Richard R. DuVall, Partner at McCabe and Mack LLP, spends most of his time at our Hudson Valley firm overseeing, and in many cases acting as the primary litigator, in our Commercial Litigation Department.
This area of law demands that Rick navigate many different personal dynamics and complex situations. He reports that the experience, however, is deeply satisfying when he can help “a stressed business owner or other litigant through the process and get them a good result.”
This month, we asked Rick to answer some of the most frequently asked questions about commercial litigation; here are his responses:
A. In its shortest description, commercial litigation involves disputes between businesses or business people. It does not involve injury cases with blood or broken bones, nor personal divorce or child custody matters. It includes such diverse areas as collection of business debts, loans, mortgage foreclosures, partition of properties between cotenants, boundary or land use disputes, contract disputes about property or business purchase and sale matters, construction disputes, shareholder or partnership disputes, including dissolutions or control disputes, covenants not to compete, and other similar matters.
A. It almost always starts with analyzing the nature of the friction or potential friction, through targeted and also general gathering of the relevant facts and history from the client or potential client. We also consider information from other sources to build context around the material presented by our client. Frequently the client or a referring attorney has a sense of the “field of battle”, and sometimes the goal and process is obvious given the nature of the default or claimed misconduct complained of. But sometimes that sense is not quite on target, or there are evident hurdles to be identified and worked around. We try to develop a goal or range of goals that the facts and the law might support, and build a strategy to get from where we are “today” to where the client wants to be, given the range of possible legal outcomes.
A. I tried to describe the range in general terms above. There is no limit to the variety of disputes and fact patterns that have come across my desk over the years. Corporate dissolution cases seem to come in waves, and partition cases, too. As properties are passed down through a family it is not unusual for friction to arise. Family companies are a frequent source for a variety of commercial disputes, in good times and in downturns, especially where there are generational or succession events or issues. When the economy turns down, collection, foreclosure and bankruptcy matters tend to increase.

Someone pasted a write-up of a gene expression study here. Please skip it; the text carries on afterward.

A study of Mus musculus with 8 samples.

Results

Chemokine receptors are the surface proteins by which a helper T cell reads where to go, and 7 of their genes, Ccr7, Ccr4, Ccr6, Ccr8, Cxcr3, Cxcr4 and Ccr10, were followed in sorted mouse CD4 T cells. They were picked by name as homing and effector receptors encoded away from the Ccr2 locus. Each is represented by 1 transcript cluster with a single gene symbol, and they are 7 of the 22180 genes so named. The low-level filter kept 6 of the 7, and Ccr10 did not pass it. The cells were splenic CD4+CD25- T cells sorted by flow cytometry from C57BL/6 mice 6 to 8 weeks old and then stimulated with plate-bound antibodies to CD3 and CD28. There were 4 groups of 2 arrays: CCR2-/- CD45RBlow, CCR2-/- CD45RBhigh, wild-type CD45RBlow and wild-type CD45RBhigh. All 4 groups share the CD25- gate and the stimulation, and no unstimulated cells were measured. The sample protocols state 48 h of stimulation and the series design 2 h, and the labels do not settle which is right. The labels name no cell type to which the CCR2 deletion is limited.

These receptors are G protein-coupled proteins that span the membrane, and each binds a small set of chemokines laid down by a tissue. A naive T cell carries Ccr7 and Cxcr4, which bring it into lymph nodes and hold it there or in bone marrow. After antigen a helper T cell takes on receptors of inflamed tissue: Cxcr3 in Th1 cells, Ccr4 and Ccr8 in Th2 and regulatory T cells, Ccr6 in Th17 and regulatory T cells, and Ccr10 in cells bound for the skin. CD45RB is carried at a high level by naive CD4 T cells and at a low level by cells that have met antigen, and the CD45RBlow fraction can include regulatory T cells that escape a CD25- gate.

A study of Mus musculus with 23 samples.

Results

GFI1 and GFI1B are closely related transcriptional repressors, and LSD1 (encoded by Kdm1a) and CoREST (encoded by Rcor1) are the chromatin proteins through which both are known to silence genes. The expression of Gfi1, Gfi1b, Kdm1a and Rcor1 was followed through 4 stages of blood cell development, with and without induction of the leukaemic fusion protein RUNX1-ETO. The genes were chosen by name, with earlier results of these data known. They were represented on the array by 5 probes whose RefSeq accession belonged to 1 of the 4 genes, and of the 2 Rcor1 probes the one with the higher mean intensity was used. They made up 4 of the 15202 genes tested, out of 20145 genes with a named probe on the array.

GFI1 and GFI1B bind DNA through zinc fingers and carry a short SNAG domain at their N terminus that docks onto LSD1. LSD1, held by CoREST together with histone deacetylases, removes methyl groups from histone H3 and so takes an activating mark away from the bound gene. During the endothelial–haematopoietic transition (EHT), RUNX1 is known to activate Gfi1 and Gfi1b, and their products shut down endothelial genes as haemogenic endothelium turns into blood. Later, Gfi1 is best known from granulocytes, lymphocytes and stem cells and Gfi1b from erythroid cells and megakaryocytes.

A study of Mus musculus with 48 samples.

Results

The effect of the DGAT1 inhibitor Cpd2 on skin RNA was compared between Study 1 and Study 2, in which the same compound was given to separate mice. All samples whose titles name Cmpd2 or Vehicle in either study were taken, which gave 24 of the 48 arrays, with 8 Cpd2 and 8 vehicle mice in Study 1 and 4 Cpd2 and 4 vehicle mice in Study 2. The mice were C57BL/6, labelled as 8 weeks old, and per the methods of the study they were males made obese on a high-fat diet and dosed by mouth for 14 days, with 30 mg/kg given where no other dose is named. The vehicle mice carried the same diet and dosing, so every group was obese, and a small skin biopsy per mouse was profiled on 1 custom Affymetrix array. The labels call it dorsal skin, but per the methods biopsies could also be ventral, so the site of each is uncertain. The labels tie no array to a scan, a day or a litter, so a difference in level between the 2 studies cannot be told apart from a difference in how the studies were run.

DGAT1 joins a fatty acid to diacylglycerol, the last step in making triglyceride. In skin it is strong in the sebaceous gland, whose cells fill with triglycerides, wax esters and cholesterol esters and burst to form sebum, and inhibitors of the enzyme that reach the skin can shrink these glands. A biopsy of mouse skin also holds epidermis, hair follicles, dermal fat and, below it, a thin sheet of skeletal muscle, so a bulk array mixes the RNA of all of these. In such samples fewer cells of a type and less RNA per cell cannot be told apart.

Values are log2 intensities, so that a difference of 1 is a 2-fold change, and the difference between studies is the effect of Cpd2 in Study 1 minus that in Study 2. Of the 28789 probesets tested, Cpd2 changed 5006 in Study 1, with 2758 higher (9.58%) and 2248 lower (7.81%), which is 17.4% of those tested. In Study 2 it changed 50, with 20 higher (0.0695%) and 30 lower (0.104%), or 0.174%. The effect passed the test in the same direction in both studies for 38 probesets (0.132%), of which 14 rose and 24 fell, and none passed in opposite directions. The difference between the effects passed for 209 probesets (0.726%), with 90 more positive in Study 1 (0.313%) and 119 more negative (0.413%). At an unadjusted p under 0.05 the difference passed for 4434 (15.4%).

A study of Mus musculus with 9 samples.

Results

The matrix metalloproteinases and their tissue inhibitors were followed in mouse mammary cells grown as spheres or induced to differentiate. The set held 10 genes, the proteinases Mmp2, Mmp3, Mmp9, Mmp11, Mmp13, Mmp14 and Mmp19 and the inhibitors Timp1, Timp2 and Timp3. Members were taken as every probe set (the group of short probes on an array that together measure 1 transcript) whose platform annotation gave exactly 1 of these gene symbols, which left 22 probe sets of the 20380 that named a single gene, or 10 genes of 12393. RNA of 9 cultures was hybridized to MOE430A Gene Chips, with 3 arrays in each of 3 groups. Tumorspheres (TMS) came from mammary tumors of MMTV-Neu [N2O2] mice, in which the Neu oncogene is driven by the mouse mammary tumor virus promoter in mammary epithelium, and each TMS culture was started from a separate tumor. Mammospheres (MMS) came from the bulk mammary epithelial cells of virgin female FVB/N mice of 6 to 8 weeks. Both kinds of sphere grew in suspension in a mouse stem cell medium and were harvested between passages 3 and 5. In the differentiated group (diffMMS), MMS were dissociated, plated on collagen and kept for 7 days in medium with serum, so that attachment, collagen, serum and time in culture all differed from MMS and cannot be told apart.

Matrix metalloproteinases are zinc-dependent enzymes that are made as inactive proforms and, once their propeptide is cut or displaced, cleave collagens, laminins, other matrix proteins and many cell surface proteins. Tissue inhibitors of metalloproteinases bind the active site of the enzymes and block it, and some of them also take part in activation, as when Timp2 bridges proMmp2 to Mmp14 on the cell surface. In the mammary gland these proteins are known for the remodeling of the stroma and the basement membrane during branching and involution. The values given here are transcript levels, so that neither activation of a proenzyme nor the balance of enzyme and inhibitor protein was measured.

A. Data breaches to my understanding may give rise to class action claims if the volume of affected people is too large to be effectively represented in any other manner. It is not an area that gets litigated frequently in most small or middle sized companies– say sales of $5 million to $150 million.
In our current hot real estate market there are frequent purchase and sale disputes where either buyers or sellers are behaving in what we used to consider erratic fashion.
A. Well a “civil case” would include most all commercial litigation. Civil litigation is simply litigation which is not criminal in nature. Criminal prosecutions involve the state or federal government asserting a breach of criminal law (murder, arson, robbery). Civil litigation is everything else– injuries, divorces, foreclosures, corporate and property disputes, where both of the litigants are private entities, like people or business entities or governments in non-criminal settings.
A. You first want to make sure that any insurance policies that might be available are investigated. You want to identify potential other parties that may be responsible for the harm that the plaintiff (the party bringing the lawsuit) has claimed. And you want to make sure that the lawyer or firm that you choose to represent your company has experience that will enable them to walk you through the process rationally and economically from the start. Many lawyers can fight effectively for their clients and will wage litigation like a Civil War battle is going on. When needed that can be effective. A more targeted approach based upon experience with similar cases is frequently a better way, and can lead to either an acceptable resolution or, if it is taken to trial, a targeted and streamlined, hopefully cost effective, litigated resolution.
A. Usually, this happens only after you have taken and tried all less confrontational approaches without meaningful success. However, in the right scenario, you may need to file suit immediately, without any advance notice, if irreparable and serious harm is being done or is about to be done.
A. There are many paths to the end. Sometimes we need to educate the opposing side and the judge for a period of time until they understand the most likely outcome, and get that outcome into a resolution, or barring that, a litigated result and a court’s judgment.
A. Keep good records, good notes, be honest with your lawyer, take consistent positions as much as possible, and be realistic about the costs and benefits of the process.
A. The cases we handle are occasionally straightforward, but more often complicated either factually or legally. It is satisfying to tell our clients at the outset what the future process will likely be like, and then walk them through it over a period of months or years, while they are made more comfortable with our relationship, seeing what we discussed early on in the case roll out in front of them. It doesn’t always turn out as I predicted, but taking a stressed business owner or other litigant through the process and getting them a good result while we keep a good working relationship is quite satisfying.
If you need representation in a commercial litigation case, reach out to McCabe and Mack Partner Richard R. DuVall at 845.486.6858.